What you already know about China-based Dagong Credit Rating is that it’s caused quite the kerfuffle over sovereign debt ratings by ranking China higher than the US and other developed countries, like the UK and Japan, based on a formula assigning more weight to the fiscal health and GDP growth of countries.
What you may not know is that last year Dagong officially applied to the SEC to become a Nationally Recognized Statistical Rating Organization (NRSRO), of which now there are only 10 (all of which are either North America- or Japan-based), and now claims to be getting the run around.
According to Fortune:
“This is stirring stuff. But as is often the case with news out of China, the latest Dagong statement itself is a bit of a riddle. Has the firm actually been rejected, as it contends, or is Dagong simply posturing?
“An outright U.S. rejection seems unlikely. The firm applied in December 2009 with the Securities and Exchange Commission for status as a Nationally Recognized Statistical Rating Organization, or NRSRO – the designation under which Moody’s, S&P, Fitch and several other agencies have registered with the SEC.
“Dagong sought the NRSRO label even though it has no U.S. offices, rates no U.S. companies and has no U.S. customers. As a result, the SEC said it would have to hold hearings to determine ‘whether Dagong has a sufficient connection with U.S. interstate commerce to register as an NRSRO.’
“In April, the SEC said it aimed to settle the question by July, but the next month the commission extended that deadline to Sept. 23. The commission hasn’t issued a ruling, an SEC spokesman said Wednesday, and isn’t likely to do so till September — which seems to rule out the ‘rejection’ the China Daily article speaks of.”
Part of what’s interesting about this latest twist is that Dagong, which makes the point of having “global” in its name, wants to be “nationally recognized” in the US despite, as noted above, having little connection to the nation. Of course, the NRSRO agencies – well, at least Moody’s, Standard & Poor’s, and Fitch Ratings — have influence far beyond US borders… and at least Canada and Japan have both jumped on the NRSRO bandwagon… but it’s hard to see what advantages they’ve gained as foreign organizations designated NRSROs.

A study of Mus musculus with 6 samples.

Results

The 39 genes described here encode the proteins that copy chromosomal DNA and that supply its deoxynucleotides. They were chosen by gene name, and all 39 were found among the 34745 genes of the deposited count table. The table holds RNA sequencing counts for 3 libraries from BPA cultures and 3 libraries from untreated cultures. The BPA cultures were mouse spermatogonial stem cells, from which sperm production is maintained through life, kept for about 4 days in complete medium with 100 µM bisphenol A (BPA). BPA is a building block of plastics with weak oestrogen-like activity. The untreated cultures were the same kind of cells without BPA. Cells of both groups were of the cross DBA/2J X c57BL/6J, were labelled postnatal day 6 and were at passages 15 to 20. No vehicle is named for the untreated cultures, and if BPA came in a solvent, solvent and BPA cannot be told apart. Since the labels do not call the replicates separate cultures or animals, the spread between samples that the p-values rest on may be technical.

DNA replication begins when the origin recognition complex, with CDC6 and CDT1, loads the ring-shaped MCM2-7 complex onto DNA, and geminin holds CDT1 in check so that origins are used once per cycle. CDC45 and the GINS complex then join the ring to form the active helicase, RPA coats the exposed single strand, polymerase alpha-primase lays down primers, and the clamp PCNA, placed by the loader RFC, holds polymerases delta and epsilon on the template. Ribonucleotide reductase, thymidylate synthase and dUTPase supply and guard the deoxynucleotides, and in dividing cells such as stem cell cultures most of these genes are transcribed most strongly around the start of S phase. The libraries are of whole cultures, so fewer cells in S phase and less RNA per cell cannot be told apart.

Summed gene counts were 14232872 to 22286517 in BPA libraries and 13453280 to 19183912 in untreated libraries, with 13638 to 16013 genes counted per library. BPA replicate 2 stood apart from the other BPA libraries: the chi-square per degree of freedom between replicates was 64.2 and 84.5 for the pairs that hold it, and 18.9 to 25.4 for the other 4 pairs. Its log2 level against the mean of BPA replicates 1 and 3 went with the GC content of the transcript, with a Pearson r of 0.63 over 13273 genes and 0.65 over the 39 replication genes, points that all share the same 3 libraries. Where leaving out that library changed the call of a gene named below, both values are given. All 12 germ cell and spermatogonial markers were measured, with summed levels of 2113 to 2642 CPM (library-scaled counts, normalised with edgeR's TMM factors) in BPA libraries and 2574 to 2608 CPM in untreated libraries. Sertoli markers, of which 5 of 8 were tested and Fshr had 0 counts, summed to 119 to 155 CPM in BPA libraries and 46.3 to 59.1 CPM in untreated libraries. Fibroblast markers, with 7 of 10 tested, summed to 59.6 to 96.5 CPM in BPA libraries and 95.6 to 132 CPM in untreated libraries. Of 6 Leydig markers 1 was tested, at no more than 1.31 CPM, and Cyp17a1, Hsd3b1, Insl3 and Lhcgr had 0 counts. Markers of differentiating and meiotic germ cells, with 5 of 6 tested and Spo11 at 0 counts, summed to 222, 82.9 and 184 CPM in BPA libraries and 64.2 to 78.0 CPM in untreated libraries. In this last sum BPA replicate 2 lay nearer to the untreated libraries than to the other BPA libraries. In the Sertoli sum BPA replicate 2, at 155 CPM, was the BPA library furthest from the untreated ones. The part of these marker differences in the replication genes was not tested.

You can read more details in Fortune’s coverage of how China’s Dagong says the US rejects it.
Rocky Vega,The Daily Reckoning
Rocky Vega is publisher of Agora Financial International, where he advances the growth of Agora Financial publishing enterprises outside of the US. Previously, he was publisher of The Daily Reckoning, and founding publisher of both UrbanTurf and RFID Update -- which he ran from Brazil, Chile, and Puerto Rico -- as well as associate publisher of FierceFinance. Rocky has an honors MS from the Stockholm School of Economics and an honors BA from Harvard University, where he served on the board of directors for Let?s Go Publications, Harvard Student Agencies, and The Harvard Advocate.
The present rating agencies (S&P, Moody’s et al) seems to suffer from a conflict of interest – they get paid by the same corporations to rate them. And dare they rate the US as it is? Not unless they want to commit financial suicide.
So, if Dagong were to rate the US corporations on its own (paid for by users), it would be more objective than what we have now. The sooner the SEC grant NRSRO status the better. More competition (after all, the US likes to claim that it is an open market) and a different perspective will make the ratings less biased, thereby benefiting the general public.